Contentment writes a blank page.

This whole five year writing thing has been really interesting to me.

I had incredible creative energy when I started.  I kind of knew that it probably wouldn't last, nor could it be reproduced. That it was probably a one-time thing. I didn't know how long it would last. I probably never would have guessed a full year, much less the five years it ended up being.

The first year I barely raised my head or left the house. Once a week I needed to go to the store and that was probably a good thing. But mostly, I was into writing, writing, writing.

I didn't submit my writing until a full year went by.

The second year wasn't quite as pure as the first year. I was at least partially distracted by the publishing of my first books. Then again, it was quite the motivator.

The third year I could feel myself slipping a little in concentration, but by then I had pretty good processes in place and I was able to continue on at the torrid pace.

The fourth year started to see a bit of a slow down, a lot of concern about where the books were going and how they were doing. Instead of writing on my own inclinations I was obligated to finish books in a series or write a book I thought someone might like.

The fifth year was a continuation of that. Again, the processes were pretty established and I'd learned a lot about writing and if the energy flow wasn't at such a high level, my knowledge and experience made up for it. So no harm done.


I'm not feeling the urgency. It's just not there. In fact, I'm feeling somewhat satisfied with what I've accomplished. I feel like I can rest on my laurels for awhile.

A long time ago I heard the phrase, "Contentment writes a blank page."

At the same time, I fear that taking time off would mean never getting back to it.

Ironically, by moving to new publishers, my books have new life. I'd stopped writing the Virginia Reed books, though my original intention was to keep writing one of these a year. Virginia would be only 26 when the Civil War starts for instance. She'd be 65 at the turn of the century. So her story can span the whole settling of the West, from the mid-1840's on. I can pluck weird events in Western history.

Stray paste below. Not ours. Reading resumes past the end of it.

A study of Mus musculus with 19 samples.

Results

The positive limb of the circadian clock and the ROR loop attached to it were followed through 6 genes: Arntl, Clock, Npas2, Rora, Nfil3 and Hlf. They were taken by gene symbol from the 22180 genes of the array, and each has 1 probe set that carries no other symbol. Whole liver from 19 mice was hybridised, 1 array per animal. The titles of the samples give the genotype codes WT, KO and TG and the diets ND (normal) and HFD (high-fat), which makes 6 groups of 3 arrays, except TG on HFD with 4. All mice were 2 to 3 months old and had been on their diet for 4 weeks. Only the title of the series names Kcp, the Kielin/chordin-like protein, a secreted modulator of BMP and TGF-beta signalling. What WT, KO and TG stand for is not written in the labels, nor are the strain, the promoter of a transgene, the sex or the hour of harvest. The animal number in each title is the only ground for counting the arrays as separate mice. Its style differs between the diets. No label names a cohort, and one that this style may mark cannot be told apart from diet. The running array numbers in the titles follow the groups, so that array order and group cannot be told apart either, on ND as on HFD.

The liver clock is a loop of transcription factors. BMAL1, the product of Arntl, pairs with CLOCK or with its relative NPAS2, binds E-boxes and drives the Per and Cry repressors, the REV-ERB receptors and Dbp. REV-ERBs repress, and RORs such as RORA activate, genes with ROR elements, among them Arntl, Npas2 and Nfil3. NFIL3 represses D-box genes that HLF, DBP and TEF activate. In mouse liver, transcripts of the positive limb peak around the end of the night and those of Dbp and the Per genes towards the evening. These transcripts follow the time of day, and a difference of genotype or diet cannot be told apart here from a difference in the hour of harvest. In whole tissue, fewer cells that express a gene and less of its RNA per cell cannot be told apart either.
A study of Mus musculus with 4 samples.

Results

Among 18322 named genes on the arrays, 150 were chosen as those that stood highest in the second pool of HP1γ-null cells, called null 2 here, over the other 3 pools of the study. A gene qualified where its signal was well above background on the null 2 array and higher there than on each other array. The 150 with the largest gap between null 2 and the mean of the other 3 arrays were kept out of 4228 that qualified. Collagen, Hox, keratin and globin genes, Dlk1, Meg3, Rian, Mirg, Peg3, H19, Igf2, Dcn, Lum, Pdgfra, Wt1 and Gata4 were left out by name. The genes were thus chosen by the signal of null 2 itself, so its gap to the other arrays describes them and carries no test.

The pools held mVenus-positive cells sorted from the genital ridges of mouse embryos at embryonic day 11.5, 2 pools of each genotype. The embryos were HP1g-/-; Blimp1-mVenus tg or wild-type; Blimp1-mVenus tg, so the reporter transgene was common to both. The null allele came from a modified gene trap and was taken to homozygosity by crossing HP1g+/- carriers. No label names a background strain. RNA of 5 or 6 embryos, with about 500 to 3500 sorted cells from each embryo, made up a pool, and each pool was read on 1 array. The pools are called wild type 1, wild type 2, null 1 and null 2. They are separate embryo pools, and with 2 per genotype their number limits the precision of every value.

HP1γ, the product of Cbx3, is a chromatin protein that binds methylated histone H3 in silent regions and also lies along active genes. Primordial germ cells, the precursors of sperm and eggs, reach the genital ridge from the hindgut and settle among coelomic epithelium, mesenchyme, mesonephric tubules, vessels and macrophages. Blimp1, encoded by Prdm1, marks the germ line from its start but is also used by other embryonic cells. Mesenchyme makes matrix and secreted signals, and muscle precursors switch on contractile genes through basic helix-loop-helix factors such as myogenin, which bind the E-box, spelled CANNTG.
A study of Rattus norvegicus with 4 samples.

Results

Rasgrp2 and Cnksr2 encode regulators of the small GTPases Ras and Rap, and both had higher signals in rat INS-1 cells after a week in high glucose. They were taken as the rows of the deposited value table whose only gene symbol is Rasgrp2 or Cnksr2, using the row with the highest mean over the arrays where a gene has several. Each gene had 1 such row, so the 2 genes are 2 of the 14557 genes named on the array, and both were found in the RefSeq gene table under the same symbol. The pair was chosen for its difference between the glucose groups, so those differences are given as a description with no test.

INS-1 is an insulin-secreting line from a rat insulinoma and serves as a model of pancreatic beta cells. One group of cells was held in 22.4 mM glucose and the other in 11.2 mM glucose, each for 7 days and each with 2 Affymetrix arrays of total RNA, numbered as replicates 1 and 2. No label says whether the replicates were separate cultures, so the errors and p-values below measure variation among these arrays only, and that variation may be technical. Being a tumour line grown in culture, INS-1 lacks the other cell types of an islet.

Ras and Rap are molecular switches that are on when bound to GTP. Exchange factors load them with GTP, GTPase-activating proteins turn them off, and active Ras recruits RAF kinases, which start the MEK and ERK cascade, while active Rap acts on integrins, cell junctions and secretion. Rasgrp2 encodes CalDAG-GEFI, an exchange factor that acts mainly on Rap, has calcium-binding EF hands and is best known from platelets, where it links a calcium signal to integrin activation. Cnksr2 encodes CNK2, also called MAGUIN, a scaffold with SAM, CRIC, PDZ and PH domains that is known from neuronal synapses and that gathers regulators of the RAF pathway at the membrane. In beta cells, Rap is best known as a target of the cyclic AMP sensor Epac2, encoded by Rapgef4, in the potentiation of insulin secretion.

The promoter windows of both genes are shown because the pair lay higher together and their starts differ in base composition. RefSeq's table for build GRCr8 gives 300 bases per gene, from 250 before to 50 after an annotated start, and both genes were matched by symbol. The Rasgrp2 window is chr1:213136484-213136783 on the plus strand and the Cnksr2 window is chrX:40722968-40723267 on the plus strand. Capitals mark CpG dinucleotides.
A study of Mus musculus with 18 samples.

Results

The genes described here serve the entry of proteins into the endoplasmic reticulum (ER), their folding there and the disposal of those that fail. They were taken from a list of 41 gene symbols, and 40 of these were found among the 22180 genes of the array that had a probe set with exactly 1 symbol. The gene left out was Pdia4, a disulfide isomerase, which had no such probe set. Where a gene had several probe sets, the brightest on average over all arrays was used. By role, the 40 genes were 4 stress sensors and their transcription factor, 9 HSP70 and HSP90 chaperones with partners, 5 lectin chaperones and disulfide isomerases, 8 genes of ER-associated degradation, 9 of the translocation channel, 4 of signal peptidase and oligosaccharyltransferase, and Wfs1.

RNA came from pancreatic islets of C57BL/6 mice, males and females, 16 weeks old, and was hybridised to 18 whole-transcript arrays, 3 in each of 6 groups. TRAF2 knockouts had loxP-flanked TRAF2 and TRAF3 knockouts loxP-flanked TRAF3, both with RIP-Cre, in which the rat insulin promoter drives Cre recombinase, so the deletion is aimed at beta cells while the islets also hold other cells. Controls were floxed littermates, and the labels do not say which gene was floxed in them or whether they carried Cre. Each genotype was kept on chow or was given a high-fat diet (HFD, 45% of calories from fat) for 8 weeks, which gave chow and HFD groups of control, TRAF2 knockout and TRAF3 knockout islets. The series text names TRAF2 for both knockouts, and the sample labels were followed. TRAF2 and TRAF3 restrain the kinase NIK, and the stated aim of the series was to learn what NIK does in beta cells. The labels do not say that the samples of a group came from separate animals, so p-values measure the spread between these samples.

The new rollout of my published books will probably take awhile and I'm not completely certain what form it will take. How many will be published in physical form, for instance, or what kind of marketing the new publishers will do, or whether audio books will be done. I'll accept whatever happens. To me, this is all very lucky. I'm probably better off for it happening.

I've been writing a book without any sense of urgency, titled "Castle La Magie." I head out for my walk without any ideas. At my first station, I sit and write a quick 250 words. Doesn't matter what. Then the rest of the walk I think about it and more often than not, I manage to get in 1000 words. I miss occasional days, or only 700 words. This is slow for me, but I'm keeping my hand in.

I've written several books this way, sort of placeholders until a stronger idea comes along. I picked up one  my earlier "placeholders" the other day and...damn, it wasn't bad. It was actually pretty good.

Someday I'm going to do something about my Book Vault. But for now, I've got a new Virginia Reed book to write starting on January 1. Tentative title: "The Terrible Mr. Hoskins and the House of Many Rooms."